Peak Performance continued to expand its sales for the financial year ended on June 30, up by 5 percent to 941 million Danish kroner (€126.4m-$187.0m), as reported by the Swedish brand’s Danish owner, IC Companys. Underlying growth was even more impressive, reaching about 10 percent in local currencies.

This was obtained by adding layers to the existing ski and golf ranges, while continuing to build on the brand’s appeal and its sales of casual garments. On the ski side, Peak Performance launched “Heli”, a high alpine range of ski apparel.

Besides the golf range, the ski and technical outdoor ranges saw their sales increase as well, but the most convincing growth came from the casual range, which has come to represent more than 35 percent of the brand’s turnover. This has benefited strongly from the opening of ever more Peak Performance stores, where casual garments are sold all year around and make up about half of the offering.

Peak Performance ended the year with a network of 75 stores, all but four of them in Europe, and 33 of them fully owned by the company. The strategy should be accelerated in the current financial year, with no less than fifteen openings planned in Europe. The opening of more franchised stores in German-speaking countries has contributed to outstanding growth in this region.

While Peak Performance is already distributed in most of western Europe, it is starting to explore openings in eastern parts of the continent, as well as Asia. A trademark case with a Chinese sports apparel company, Peak, was settled earlier this year as Peak Performance slightly altered its name representation, to include the full Peak Performance name. This conveniently came about as the Swedish company was giving its brand identity a facelift, with a fresh logo and a refined logotype, with the words Peak and Performance attached.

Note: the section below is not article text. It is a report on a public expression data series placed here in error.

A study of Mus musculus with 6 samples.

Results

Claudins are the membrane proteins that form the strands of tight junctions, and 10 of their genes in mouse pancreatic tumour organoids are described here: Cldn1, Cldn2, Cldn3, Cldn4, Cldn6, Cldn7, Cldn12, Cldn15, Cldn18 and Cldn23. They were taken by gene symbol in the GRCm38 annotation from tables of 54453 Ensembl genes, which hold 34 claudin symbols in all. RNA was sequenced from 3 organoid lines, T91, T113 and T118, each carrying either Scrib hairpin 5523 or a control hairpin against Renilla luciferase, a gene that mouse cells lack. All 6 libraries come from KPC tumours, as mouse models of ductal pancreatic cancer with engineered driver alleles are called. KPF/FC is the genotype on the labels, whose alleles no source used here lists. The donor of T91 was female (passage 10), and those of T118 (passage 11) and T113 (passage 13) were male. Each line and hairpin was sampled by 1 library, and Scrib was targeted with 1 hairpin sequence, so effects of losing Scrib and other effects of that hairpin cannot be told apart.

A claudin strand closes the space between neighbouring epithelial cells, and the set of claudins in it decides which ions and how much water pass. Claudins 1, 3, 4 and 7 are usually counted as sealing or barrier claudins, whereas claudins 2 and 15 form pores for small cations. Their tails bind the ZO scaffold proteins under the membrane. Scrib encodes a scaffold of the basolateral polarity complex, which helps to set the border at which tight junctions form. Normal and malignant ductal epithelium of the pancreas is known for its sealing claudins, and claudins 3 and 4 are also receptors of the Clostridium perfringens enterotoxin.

Further growth will come from the footwear range that will be launched under license with the Hamm group of Germany. The range is to hit the shelves early next year in nearly all European markets where Peak Performance apparel is available. The offering does not include any technical ski or golf footwear, but all the more casual styles to be sold in a selection of independent fashion stores, fashion footwear chains or the more fashion-oriented sports stores.

The results enabled Peak Performance to shine at IC Companys, which otherwise contains a slew of fashion brands and suffered a sales decline of 4 percent to DKK3.601 million (€483.9m-$715.5m). The Danish group’s operating profit was down by 54 percent to DKK162 million (€21.8m-$32.2m), although this included non-recurring costs of DKK115 million (€15.5m-$22.8m).

However, things are likely to get worse for the group since its orders for the winter were down by 18 percent in local currencies and by 24 percent in Danish kroner. The board therefore decided not to pay any dividends to shareholders, and to use any excess cash flows to reduce short-term debt instead.